IOWA, VIA OMAHA—Several times, this trip felt like flipping through a book from back, to front. When you start by knowing how it ends. And end at the very beginning when you know nothing at all. I am flying west today. Across the country. And, it feels like, across time.
The captain says &ldquo’Well, it is now 9:30 a.m. here in Chicago. You can set your watches back for Central Standard Time if you like”. I wind mine back one hour. And several years. Before Umbria. Before Maine. There was Chicago. I found myself here in graduate school. Found my wife too. And my first job. Good old Chicago.
Next stop, Omaha. Rent a car and follow the signs to Des Moines. Now the video replay screen on my Mental Time Machine is a blur of yearbook pictures, parties, nervous dates and proms. I see the exit signs for Drake, I slow down but don’t stop. I always think I will. But I haven’t yet. Past Des Moines and rewinding faster now. My life flashing before my eyes in reverse chronological order. Am getting younger in the process? Does this kind of time tripping work like that? I know the answer to that one. But, ahead I see there are signs we’re closing in on Conrad. Where we can go far, far back in time. Conrad, full of pioneer ancestors who settled the town. And left their family names on everyone in town and on rows of granite in the cemetery. I know all their names. I recognize their ever-serious, black and white faces looking back at me from frames on aunts’ and uncles’ mantles and bookshelves. High school memories are bubbling up and drowning out college now. There is Kathy’s driveway. The school bus picked her up there every morning, right after I got on. She lives there still, but I would not know her. Not now. I only know the person she was, then. Our farm. Our mailbox, on its post, two miles from Grandpa Stewart’s farm and his mailbox.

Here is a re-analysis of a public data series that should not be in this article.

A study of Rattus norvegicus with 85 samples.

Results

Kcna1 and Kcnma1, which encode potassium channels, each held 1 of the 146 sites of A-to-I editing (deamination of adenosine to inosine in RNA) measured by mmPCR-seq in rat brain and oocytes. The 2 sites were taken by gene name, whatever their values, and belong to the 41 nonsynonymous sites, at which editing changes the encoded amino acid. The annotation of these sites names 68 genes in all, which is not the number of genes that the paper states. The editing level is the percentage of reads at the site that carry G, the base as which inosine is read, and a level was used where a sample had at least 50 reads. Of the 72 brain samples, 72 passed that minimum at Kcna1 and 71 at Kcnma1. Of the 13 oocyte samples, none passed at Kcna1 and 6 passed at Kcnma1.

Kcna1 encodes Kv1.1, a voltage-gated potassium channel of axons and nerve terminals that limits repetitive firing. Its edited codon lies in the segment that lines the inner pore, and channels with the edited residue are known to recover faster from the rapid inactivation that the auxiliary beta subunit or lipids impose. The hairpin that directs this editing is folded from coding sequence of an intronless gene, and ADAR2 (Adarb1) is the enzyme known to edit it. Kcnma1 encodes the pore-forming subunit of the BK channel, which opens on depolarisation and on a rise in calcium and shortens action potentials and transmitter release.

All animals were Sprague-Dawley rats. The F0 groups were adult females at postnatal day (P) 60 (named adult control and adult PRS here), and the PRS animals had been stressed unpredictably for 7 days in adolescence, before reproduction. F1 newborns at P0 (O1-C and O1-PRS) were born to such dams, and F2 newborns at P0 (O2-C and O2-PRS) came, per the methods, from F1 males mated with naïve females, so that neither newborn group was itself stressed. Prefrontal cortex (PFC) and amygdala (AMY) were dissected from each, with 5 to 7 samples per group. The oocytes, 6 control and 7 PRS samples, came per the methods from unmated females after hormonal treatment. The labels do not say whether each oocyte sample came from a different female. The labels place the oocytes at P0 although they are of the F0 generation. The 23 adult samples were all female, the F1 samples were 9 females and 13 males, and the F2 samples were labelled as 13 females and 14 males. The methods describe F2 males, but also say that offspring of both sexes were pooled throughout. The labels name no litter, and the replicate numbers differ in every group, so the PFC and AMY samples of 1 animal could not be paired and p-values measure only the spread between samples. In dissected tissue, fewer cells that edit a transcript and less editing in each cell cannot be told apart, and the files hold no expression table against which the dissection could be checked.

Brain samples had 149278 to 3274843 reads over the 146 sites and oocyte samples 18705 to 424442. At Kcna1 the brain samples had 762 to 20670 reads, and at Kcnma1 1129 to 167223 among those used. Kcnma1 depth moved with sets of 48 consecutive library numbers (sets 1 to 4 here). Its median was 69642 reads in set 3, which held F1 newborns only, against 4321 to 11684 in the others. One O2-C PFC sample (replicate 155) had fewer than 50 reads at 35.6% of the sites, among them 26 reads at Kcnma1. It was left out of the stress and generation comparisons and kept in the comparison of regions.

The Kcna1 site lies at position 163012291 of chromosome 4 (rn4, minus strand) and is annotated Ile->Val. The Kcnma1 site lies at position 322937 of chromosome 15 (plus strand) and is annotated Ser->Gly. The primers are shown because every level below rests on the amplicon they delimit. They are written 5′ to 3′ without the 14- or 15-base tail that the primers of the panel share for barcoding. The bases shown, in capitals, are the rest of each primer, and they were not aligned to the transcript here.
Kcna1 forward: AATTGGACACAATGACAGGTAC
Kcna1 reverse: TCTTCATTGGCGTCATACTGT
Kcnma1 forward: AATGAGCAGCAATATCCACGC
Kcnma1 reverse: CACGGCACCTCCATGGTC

Mom and Dad. Coffee in the kitchen. Something baking in the oven. This is the house I was raised in. I’m all the way back now. I’m home. Is that apple rubarb pie for me?
HOW TO EAT LIKE A STONE
OMAHA— Surely some of the rewind and flashback feeling of the trip stems from one of the reasons for the trip: The Stones. The Rolling Stones are playing in the Midwest. Just like they did in 1967. I did not see them in 1967. But I will fix that oversight in 2006. Can the same stones really have played both those dates here?
A bit surreal overall but, incredibly, it seems that WAS us backstage, in the same room with the Rolling Stones, eating their lobster ravioli, their long white asparagus with roasted peppers, their polenta, sampling their red wine and dining on and on in a meaningful and mostly Italian way. The Italian influences in their huge spread of gourmet food far outweighed the occasional British classics like Shepard’s Pie.
Yes, we were in their inter santo santorum the “Rattlesnake Inn”. Just as a serious hanger on. Not any doing of my own. But tickled nonetheless just to be in their hospitality suite with them. No, we did not get to actually touch, talk or even photo. At a certain point, the tables were pushed back, the Stones handlers rushed them in a for a Grip and Grin Official Photo with their opening act, Brooks&Dunn. And then they rolled those Stones right out of the room and onto the stage. Of course, I had my camera with me! And you know I wanted to take pictures. But, I almost got that trusty Olympus taken away with the one spy photo you see here from the Stones sound check. The venue looked empty except for the Stones on their massive stage. I took one shot, no flash and headset-wearing Men in Black rained down on me, commando style. From the rafters? I do not know where they came from. But they came. They stoically re-explained the subtle meaning hidden in the Absolutely NO Cameras Allowed signs posted around the auditorium. Ok, ok, all right, already. I get it. The passes we had, shown here, really parted the waters. Well, right up to the part about the cameras.
Thank you Brother in Law for breaking me into the epicenter, the very heart of rock and roll!